Reunion Island Christmas Feast
La Reunion is a volcanic island in the middle of the Indian Ocean, known for its impressive cultural diversity. The island has a fascinating history has resulted in a melting pot of traditions and culinary stles, with people of African, European, and Asian origin all contributing to the vibrant local culture. French is the island’s official language, but Creole, a language derived mainly from French with words from Malagasy, Hindi, Portuguese, Gujarti, and Tamil, is widely spoken.
As a department of France, the inhabitants of La Reunion enjoy full French citizenship, and French culture has influenced all sub-cultures on the island. The island’s administrative capital is St Denis, located at the northernmost point of the island and the most densely populated metropolitan area.
St Denis is a popular tourist destination, offering a slice of France just a 4-hour flight from Johannesburg. The main intersection of St Denis, Rue du Maréchal-Leclerc, intersects with Rue de Paris, the island’s shopping district. The area is home to typical French bakeries, museums, and historical buildings, as well as a mosque, the Shri Kali Kovil Tamil Temple, and a Chinese Pagoda, reflecting the multi-cultural nature of the region.
The festive season is an important time of year for all Reunionese groups, with Christmas Eve being the most significant day of celebration. Families gather together, and traditional snacks like pistachios, olives, spring rolls, samosas, and achards (a Reunion-stle salad) are served throughout the evening.
Starters are served relatively late in the evening, with gratins being popular. A gratin is a traditional French dish with an ingredient topped with a browned crust, often using breadcrumbs, cheese, egg, or butter. In Reunionese cuisine, gratins are often made with a base of pumpkin or “chouchou,” a squash-like vegetable versatile in application. “Chouchou” is also an affectionate French nickname, usually given to someone unique to you.
Mains are typically served with a base of rice or beans topped with shrimp or chicken, with vanilla duck cari being a festive favourite. Cari is a stewed meat dish featuring a generous helping of spices from India and Africa, often accompanied by steamed dumplings. Home-made cocktails like mango punch and rum are served as the evening progresses.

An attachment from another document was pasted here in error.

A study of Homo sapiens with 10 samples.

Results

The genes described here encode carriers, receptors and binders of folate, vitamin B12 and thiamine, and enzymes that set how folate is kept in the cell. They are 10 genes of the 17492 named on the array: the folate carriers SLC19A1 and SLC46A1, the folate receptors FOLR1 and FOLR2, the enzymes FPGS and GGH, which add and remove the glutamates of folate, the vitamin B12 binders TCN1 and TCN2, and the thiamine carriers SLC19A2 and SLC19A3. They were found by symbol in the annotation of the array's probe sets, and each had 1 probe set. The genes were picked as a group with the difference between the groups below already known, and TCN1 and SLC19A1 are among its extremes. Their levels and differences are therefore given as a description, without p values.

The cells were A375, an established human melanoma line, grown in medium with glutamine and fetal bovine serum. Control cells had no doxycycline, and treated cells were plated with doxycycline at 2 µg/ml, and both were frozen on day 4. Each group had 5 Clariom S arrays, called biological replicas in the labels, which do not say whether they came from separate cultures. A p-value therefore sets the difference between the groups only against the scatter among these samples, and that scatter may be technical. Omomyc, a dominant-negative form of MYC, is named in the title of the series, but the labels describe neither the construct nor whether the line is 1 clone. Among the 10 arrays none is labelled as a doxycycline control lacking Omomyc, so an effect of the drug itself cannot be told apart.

Sugarcane fields form an integral part of Reunion’s landscape, and the sugarcane industry is a primary source of export income after tourism. French overseas departments such as La Reunion, Guadeloupe, and French Guiana are the primary locations of rum distilleries. Rum is made in one of two ways: by distilling sugar cane juice for agricultural rum and by distilling fermented molasses to produce industrial rum. Storage in oak barrels results in gold rum or white rum if stored in stainless steel containers.
Several distilleries remain operational on Reunion Island, with Rhum Charrette being the most well-known brand. Rum is consumed in several ways: mixed into the punch, Daiquiris, Pina Coladas, and the like, or made into “Rhum Arrangé,” a local concoction involving the mixture of fruits, plants, spices, and herbs, which is left to soak in rum until ready for consumption.
Music is an essential element of every gathering, and the traditional genre of Sega is played at the beginning of festive celebrations to get everyone in the party mood. After the main course, the music often veers towards Maloya, traditional music danced to and said to communicate with ancestors. At midnight, celebrations, kisses, and well wishes ensue, with locals often setting off fireworks to mark the occasion.